After we paid our $5 entry fee to drive into the area (save money by purchasing a Kansas State Parks Passport, an annual vehicle permit, when you renew your tags in person or online), we wound through the twisting roads and observed campers in action whether it was canoeing, fishing, bicycling, hiking or just sitting around enjoying the refreshing outdoor air. Also noteworthy is a swimming beach in this spring fed lake (which I can imagine gets very crowded during the summer months) and the neighboring Spanish revival concession stand that plays host to every campers needs. No matter what the activity, the backdrops of the surrounding bluffs provided beautiful scenery for all to enjoy.
After taking in the natural attractions of the lake, my husband and I toured the historical sites, beginning with the El Cuartelejo, a seven room home and the only known Native American Pueblo in our state that dates back to 1664. A few months back I saw the small model of what El Cuartelejo might have looked like at a museum in Scott City and I was excited to witness the actual site. Excavated in 1899 by a team of archaeologists, the lower stone walls were exposed, revealing the Pueblo ruins.
Secondly, we visited the Steele House, home to the Steeles who used hand-quarried native sandstone from surrounding bluffs to construct their split level home (a first in this part of the country) during the early 1800's. Heirless, the Steeles sold 620 acres to the State Forestry, Fish and Game in 1929 and that land later became part of the Lake Scott State Park. The home itself has some original furnishings and other items dedicated by locals in Scott City. The home/museum is set up as a walkthrough to yesteryear where visitors are allowed to carefully touch household items and do not need to peer from behind a rope- my favorite type of museum. Visiting the Steele's home felt very comfortable and it felt as if it was just as it had been 100 years ago. Finally, up a very steep and sandy trail is a monument dedicated to the Steeles and all pioneers of western Kansas. The climb is steep but the view of the lake and beyond is breathtaking.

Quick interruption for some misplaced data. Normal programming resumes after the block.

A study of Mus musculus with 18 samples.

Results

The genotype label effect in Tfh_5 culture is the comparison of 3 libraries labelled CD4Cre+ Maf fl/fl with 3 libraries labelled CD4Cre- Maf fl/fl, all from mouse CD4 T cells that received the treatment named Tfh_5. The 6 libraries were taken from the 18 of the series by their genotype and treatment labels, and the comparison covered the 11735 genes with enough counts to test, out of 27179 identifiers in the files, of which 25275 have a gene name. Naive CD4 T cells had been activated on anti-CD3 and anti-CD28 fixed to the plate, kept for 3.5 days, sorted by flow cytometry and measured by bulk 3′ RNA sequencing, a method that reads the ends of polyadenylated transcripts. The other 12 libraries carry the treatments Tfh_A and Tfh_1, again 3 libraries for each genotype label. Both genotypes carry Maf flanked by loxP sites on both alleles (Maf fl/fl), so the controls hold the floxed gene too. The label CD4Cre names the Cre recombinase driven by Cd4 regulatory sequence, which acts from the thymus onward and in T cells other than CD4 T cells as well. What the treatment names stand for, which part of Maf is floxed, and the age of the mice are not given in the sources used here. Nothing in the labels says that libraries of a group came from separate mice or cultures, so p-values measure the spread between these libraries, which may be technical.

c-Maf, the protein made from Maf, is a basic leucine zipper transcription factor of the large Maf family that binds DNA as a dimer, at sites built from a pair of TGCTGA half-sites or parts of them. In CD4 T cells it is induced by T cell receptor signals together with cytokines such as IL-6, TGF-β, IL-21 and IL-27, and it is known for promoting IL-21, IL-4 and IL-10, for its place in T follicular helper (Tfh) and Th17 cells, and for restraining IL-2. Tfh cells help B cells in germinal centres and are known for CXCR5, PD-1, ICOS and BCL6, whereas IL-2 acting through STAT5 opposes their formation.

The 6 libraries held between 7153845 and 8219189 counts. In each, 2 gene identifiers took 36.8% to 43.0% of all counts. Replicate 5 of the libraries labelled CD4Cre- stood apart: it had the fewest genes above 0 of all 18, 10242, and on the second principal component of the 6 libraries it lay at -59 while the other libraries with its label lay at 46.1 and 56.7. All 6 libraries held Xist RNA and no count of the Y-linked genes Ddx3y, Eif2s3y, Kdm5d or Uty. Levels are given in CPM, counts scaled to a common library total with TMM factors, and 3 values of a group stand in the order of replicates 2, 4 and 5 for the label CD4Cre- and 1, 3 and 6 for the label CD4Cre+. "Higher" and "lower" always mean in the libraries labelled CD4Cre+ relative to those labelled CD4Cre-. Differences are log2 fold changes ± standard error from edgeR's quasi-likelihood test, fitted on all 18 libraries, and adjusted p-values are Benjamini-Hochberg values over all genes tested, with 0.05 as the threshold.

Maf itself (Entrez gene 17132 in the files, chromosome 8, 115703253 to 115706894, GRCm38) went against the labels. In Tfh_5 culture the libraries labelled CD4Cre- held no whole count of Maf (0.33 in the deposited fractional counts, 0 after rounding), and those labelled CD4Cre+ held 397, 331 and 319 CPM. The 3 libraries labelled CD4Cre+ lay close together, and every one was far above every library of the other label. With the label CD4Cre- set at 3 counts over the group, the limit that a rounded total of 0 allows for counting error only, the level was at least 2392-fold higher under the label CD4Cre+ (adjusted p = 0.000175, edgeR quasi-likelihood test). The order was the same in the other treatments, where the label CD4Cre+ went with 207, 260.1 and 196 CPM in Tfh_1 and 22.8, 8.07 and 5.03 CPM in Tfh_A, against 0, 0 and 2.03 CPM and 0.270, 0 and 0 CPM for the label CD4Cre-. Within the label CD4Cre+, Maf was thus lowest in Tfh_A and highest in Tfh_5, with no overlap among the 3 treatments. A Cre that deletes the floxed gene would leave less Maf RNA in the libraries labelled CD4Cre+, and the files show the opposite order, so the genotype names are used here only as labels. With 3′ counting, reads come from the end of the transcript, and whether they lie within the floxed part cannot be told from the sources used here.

I can see my family camping here and exploring the trails but I would definitely bring the mountain bikes to explore the bluffs. Another must bring would be our golden retriever, who like us loves hiking but would most enjoy cooling off with a dip in the lake.
Jenni Harrison is a Topeka native and graduate of Washburn University who owns her own business. She stays busy as a leader for a Girl Scout Troop, Cub Scout Den and the never ending duties of being a mom. Besides her high school sweetheart whom she married many years ago and their three children, her other loves include two parrots and the three dogs who surround her at all times while she is working from home.